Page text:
I’m a sentimentalist, it’s true. I am guilty of romanticizing life at the cottage, both to myself and to others. I tend to focus on the good feelings and not so much on the bad experiences. And there’s merit to this, to being an optimist, to seeing the glass half-full, to finding the positives and looking on the bright side. To letting one’s self get swept up in the moment. But we all know that darkness lurks somewhere in the shadows. I can’t remain clouded to what is difficult and unseemly to write about or I risk only telling half the story – that which is saccharine, sickly sweet. (See Leslie Jamison’s essay, In Defense of Saccharin(e) from The Empathy Exams for a further examination of this topic).
There’s the fairy tale version of our summer stay and the darker elements – the truth of our existence here lies somewhere in between.
Let me tell you a sinister story, reminiscent of brothers Grimm.
Once upon a time there was a princess named Penelope who loved to pick up frogs and toads. All day long, she caught the frogs, watched the toads and cradled them in her hands. At four years old, the little princess was not the best at washing her hands.
Her parents, the king and queen, were very busy running the cottage kingdom, managing three children during a pandemic and working full time. Life in the palace was not always a bed of roses. They argued over responsibilities and often left the children to their own devices. Princess Penelope spent her days down by the shoreline with her frogs.
Now, if this were brothers Grimm, the little princess would likely drown at this point in the story, but stay with me here.
One night, after the royal family hosted visitors for the weekend, the little princess began to vomit. The queen panicked. Was this the dreaded Covid plague? Her poor baby! What had they done! How could they have been so foolish as to allow others to enter the protective bubble of their cottage kingdom?
Mysteriously, the next morning, after having vomited all night, the little princess recovered. She seemed absolutely fine – better than fine. Life returned to normal with princess Penelope catching her frogs down by the shore. The king and queen stopped worrying about the little princess and fell back into their work.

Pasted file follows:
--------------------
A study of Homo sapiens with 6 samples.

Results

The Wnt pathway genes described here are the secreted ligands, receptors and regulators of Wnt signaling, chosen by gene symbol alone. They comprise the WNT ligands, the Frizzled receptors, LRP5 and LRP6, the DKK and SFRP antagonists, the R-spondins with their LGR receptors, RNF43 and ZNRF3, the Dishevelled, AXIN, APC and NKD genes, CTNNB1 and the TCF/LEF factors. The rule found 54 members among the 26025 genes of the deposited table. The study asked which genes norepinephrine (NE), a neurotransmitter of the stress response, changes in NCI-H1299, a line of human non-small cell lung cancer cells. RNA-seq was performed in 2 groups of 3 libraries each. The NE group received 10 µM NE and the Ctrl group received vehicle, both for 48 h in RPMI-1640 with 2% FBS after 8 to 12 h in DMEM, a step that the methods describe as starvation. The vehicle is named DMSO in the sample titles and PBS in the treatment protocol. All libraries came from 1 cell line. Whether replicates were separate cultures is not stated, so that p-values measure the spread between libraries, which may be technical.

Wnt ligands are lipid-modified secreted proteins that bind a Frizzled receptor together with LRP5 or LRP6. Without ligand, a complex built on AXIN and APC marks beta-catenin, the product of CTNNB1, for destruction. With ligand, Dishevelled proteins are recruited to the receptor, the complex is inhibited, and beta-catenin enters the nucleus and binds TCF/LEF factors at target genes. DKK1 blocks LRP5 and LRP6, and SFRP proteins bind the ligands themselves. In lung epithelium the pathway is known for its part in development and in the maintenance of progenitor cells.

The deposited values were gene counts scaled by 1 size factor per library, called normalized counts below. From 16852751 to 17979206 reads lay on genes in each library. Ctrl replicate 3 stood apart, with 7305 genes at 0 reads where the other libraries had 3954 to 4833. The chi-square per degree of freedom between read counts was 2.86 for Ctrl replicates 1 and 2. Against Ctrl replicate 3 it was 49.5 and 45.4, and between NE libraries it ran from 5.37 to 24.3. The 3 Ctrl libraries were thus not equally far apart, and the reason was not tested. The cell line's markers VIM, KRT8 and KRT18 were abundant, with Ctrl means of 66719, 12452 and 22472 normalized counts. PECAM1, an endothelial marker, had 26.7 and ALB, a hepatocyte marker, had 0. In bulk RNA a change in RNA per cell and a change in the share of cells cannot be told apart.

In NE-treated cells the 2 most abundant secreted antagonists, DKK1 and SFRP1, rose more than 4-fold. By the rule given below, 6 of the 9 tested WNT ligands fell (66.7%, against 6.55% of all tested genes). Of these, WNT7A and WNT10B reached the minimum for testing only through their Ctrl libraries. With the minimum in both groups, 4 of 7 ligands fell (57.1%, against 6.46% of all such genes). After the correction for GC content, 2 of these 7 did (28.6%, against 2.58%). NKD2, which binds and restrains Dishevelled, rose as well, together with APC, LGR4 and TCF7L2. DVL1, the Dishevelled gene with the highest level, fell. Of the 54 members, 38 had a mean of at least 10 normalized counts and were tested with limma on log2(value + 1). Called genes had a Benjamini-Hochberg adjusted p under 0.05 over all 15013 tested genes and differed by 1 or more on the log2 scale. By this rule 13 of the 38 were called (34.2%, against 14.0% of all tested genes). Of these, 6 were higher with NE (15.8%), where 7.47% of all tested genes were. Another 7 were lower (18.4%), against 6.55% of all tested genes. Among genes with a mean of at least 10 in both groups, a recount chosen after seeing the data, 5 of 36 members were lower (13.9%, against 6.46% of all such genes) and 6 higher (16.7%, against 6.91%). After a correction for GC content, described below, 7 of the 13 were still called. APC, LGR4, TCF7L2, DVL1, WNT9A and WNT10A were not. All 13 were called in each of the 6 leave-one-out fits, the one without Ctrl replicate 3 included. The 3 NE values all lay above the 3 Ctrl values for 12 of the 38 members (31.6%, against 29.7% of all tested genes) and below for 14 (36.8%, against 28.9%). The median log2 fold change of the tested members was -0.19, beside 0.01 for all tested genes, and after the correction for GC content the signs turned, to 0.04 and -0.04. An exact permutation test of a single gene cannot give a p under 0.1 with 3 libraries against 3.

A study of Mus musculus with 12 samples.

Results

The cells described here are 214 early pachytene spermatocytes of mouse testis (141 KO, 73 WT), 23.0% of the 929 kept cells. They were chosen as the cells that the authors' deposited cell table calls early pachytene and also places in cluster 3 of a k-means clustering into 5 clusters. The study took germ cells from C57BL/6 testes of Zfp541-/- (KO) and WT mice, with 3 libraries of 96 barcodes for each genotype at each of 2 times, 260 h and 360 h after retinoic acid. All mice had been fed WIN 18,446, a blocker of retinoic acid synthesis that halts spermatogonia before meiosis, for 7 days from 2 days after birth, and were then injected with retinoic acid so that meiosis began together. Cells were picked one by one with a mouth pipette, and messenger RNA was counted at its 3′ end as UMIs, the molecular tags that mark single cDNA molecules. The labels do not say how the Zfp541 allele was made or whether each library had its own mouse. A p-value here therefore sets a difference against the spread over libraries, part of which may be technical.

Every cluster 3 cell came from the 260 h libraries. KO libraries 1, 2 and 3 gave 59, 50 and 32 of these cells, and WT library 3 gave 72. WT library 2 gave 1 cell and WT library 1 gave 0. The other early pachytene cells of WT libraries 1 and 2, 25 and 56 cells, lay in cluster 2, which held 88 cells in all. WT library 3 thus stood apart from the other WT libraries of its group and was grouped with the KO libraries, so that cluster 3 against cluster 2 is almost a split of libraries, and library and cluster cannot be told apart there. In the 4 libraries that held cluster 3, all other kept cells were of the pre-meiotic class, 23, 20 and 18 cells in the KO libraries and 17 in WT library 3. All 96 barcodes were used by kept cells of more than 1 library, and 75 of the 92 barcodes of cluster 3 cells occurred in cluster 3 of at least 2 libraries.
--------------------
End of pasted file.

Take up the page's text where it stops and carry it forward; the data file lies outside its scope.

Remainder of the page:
A week later, the vomiting happened again. This time, there had been no visitors. Was this some sort of evil spell? No – poison.
The king happened to remember something he once read in a book of potions about toads excreting toxins.
Little princesses aren’t very good at washing their hands.
Busy monarchs seldom have the time to enforce proper hand washing after every single held toad.
When a toad is squeezed, they excrete a milky poison from their eyes toxic to their enemies. In addition, many water frogs also have bacteria and can carry salmonella, which can lead to some serious intestinal upset. Through further research, the king and queen also discovered that the substance coating certain frogs and toads can be hallucinogenic. So the story of the princess kissing the frog who turned into a prince – who knows? Maybe that’s what she thought she saw, high as a kite.
Furthermore, because a frog’s skin is so porous and takes in its environment so readily, holding it in your hand is akin to having someone hold onto your lung. That cannot feel comfortable, and so, perhaps it is best to leave the frogs and toads be.
Now that the case of the curious night vomiting has been solved, his and her majesty have gently, but firmly, instructed the young princess to limit the number of frogs and toads she holds and to wash her hands after handling every single one. Every single time.
According to latest reports, “I’m holding a toad in my hands!”, not much has changed.
And so this story – and her nausea – may continue unhappily ever after.
But, honestly – what can you do? She’s a kid. Kids are disgusting. And to those who would judge: if you think your kid hand-washes after doing something as dirty as wiping their own ass, check next time, use a magic mirror or whatever you have to do. And when you watch them walk out, hands dry, wipe their nose and pass you by with a grin, maybe then the frog vomiting won’t seem so bad.
Accompanying every bit of life, every piece of beauty, there’s a darker side.
“Oh, I just love the loons!” I told one neighbour,
“Yes, well, they’re not as great as you might think.” The loons eat the native ducks’ eggs, effectively almost abolishing them from our lake. And the ducks that do survive, another neighbour informed me,
“The ducklings – the snapping turtles pull them under by the legs, one by one.” One webbed foot at a time.
Nature is murderous, cruel, relentless, toxic. Leeches that suck your blood, wasps that sting beneath the eye. Toads that poison little princesses like a blood-red apple.
At the end of the summer, I’ll hold a picture in my mind of our sweet four-year in a pink tutu bent over the toad in her hand. All eyelashes and a mop of curls. The remnants of salmonella on her small hands.
I’ll try not to get all sentimental over that picture, over the notion of a tiny girl cuddling with her toads, enjoying her warm summer days, the sparkle of the sun reflected in the water, dazzling, under a bright blue sky, the apple of the frog’s eye. That kind of romanticizing, especially in writing, is enough to make you sick.